COP19: A push for pro-poor low carbon development

Julia Day, STEPS Centre CommunicationsSolar lighting / Rising Powers project Manager

All too often discussions about low carbon technologies range around the interests of high and middle income countries, but fail to factor in the needs of Least Developed Countries (LDCs). But there are compelling reasons why a broader definition of technology can help low carbon, pro-poor pathways to sustainability that are beneficial for the development, environmental and economic agendas of all.

As the second week of climate negotiations gets underway at the 19th Conference of the Parties (COP19) in Poland, the development benefits of access to modern energy services hold a particularly strong salience as we approach the 2015 deadline for a new global climate deal and successors to the Millennium Development Goals.

Energy and development go hand-in-hand: lighting, cooking, mobility, heating, cooling and communications are all essential to development processes. But access to modern energy services is highly uneven across the world, with knock-on consequences for health, environment, wealth and social relations.

For instance, current trends suggest billions of the world’s poor will continue to rely on energy from traditional biomass – such as wood and waste – over the coming decades and the numbers reliant on biomass might even increase from 2.7 billion to 2.8 billion. The negative impacts on health, education and quality of life further deepens and entrenches poverty.

Meanwhile, by 2030 the number of people without access to electricity will fall by only a fraction – from 1.4 billion to 1.2 billion, according to Organisation for Economic Cooperation and Development (OECD) and International Energy Agency (IEA) figures.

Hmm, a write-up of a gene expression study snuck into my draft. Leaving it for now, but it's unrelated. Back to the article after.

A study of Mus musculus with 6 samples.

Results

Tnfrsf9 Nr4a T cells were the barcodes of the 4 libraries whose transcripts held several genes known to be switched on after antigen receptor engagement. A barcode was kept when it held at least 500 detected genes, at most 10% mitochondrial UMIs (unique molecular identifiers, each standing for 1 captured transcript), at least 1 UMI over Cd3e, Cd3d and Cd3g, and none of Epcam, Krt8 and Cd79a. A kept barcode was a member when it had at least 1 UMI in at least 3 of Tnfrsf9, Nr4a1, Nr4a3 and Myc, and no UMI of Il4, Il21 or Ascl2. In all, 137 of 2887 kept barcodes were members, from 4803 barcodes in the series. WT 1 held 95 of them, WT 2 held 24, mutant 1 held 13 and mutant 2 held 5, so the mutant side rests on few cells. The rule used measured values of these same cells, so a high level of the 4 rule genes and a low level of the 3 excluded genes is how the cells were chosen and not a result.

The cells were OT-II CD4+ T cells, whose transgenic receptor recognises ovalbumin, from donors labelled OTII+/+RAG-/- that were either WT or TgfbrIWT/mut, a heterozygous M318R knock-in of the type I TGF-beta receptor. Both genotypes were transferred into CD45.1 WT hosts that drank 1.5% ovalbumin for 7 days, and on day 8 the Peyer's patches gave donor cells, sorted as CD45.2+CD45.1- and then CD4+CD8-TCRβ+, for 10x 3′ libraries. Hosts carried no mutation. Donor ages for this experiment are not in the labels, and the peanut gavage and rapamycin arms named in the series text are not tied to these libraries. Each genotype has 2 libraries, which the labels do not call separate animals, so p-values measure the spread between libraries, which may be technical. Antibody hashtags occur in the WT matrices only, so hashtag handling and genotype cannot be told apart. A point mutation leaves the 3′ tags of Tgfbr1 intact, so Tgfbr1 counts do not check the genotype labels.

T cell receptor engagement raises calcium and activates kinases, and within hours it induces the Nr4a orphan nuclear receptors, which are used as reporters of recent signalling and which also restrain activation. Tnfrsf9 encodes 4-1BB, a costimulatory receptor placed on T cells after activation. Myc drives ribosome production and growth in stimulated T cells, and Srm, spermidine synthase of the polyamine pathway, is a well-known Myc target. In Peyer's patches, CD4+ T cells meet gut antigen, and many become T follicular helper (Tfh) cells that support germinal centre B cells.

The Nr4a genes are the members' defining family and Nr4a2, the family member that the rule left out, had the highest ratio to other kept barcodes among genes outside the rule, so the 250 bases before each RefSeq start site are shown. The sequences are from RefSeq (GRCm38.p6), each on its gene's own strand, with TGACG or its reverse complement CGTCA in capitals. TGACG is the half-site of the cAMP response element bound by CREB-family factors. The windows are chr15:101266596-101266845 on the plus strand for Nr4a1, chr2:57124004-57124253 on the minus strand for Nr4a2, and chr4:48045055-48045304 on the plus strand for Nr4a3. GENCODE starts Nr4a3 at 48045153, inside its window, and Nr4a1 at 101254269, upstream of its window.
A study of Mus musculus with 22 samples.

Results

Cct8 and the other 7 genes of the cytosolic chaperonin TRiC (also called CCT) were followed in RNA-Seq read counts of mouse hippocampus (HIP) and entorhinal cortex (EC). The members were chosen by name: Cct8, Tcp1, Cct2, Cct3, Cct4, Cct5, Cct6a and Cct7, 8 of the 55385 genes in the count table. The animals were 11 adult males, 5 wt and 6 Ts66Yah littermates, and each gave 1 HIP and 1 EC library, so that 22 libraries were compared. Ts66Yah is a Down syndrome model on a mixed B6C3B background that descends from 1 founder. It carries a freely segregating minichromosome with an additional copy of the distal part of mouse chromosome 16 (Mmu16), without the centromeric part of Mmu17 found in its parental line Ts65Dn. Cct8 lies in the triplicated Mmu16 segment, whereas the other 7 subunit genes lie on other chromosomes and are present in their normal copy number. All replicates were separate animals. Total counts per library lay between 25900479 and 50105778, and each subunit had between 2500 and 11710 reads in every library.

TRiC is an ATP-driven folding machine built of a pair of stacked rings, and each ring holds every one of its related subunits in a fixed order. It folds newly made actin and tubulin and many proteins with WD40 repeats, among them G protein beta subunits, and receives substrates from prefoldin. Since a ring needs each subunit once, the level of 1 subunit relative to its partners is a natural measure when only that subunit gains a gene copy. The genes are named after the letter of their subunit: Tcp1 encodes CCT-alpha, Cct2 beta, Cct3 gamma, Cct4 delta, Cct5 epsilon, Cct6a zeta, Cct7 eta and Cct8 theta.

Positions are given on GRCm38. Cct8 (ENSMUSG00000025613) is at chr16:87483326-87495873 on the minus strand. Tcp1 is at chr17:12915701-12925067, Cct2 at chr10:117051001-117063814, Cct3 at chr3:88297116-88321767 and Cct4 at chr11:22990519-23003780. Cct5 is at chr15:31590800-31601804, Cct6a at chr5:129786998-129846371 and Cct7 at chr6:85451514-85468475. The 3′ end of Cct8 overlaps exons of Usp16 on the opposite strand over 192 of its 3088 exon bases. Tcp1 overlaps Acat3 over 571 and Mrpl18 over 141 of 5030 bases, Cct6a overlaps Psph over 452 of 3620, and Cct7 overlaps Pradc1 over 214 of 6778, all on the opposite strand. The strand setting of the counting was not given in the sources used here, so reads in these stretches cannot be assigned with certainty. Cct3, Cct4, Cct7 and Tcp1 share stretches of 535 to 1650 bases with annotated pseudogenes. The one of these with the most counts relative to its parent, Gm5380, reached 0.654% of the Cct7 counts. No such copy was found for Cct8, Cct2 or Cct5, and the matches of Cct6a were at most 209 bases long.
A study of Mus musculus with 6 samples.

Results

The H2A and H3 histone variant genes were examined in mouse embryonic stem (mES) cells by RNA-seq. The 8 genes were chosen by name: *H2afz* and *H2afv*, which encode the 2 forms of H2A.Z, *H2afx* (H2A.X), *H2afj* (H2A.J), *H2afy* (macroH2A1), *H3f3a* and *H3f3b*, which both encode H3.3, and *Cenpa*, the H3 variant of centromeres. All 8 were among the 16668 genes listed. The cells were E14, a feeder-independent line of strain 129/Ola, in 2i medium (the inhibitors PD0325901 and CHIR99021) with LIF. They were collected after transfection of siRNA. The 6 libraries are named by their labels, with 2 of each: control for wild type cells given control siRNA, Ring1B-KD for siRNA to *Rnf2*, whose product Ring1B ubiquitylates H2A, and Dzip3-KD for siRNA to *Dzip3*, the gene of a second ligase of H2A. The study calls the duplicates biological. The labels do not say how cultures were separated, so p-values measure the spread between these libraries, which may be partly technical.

Two major policy instruments, the Global Environment Facility (GEF) and the Clean Development Mechanism (CDM), aim among other things, to increase energy access and address climate change. And they both make use of markets to diffuse low carbon technologies in developing countries.

But the poorest countries in the world continue to miss out on these investments with ‘success’ focussing on the deployment of low carbon hardware, and small increases in local jobs. Thus how much ‘development’ is achieved, let alone sustainable development, in technological or human terms is questionable.

If technology is simply perceived as hardware to be transferred from one place to another this situation is likely to continue, with cost and favourable finance remaining in place as the solution to diffusing technology.

The STEPS Centre’s work aims to put forward a broader definition of technology, recognising that characteristics such as relevant knowledge, skills and capabilities are needed to adopt, adapt, develop and make use of technologies. Attention to how technologies fit into current systems and people’s routines and cultural practices is also needed.

Development pathways which are more favourable to the poor can be fostered by policy-making and mechanisms that acknowledge a broader notion of self-determined technology. And with the control of technologies economic and political power can flourish.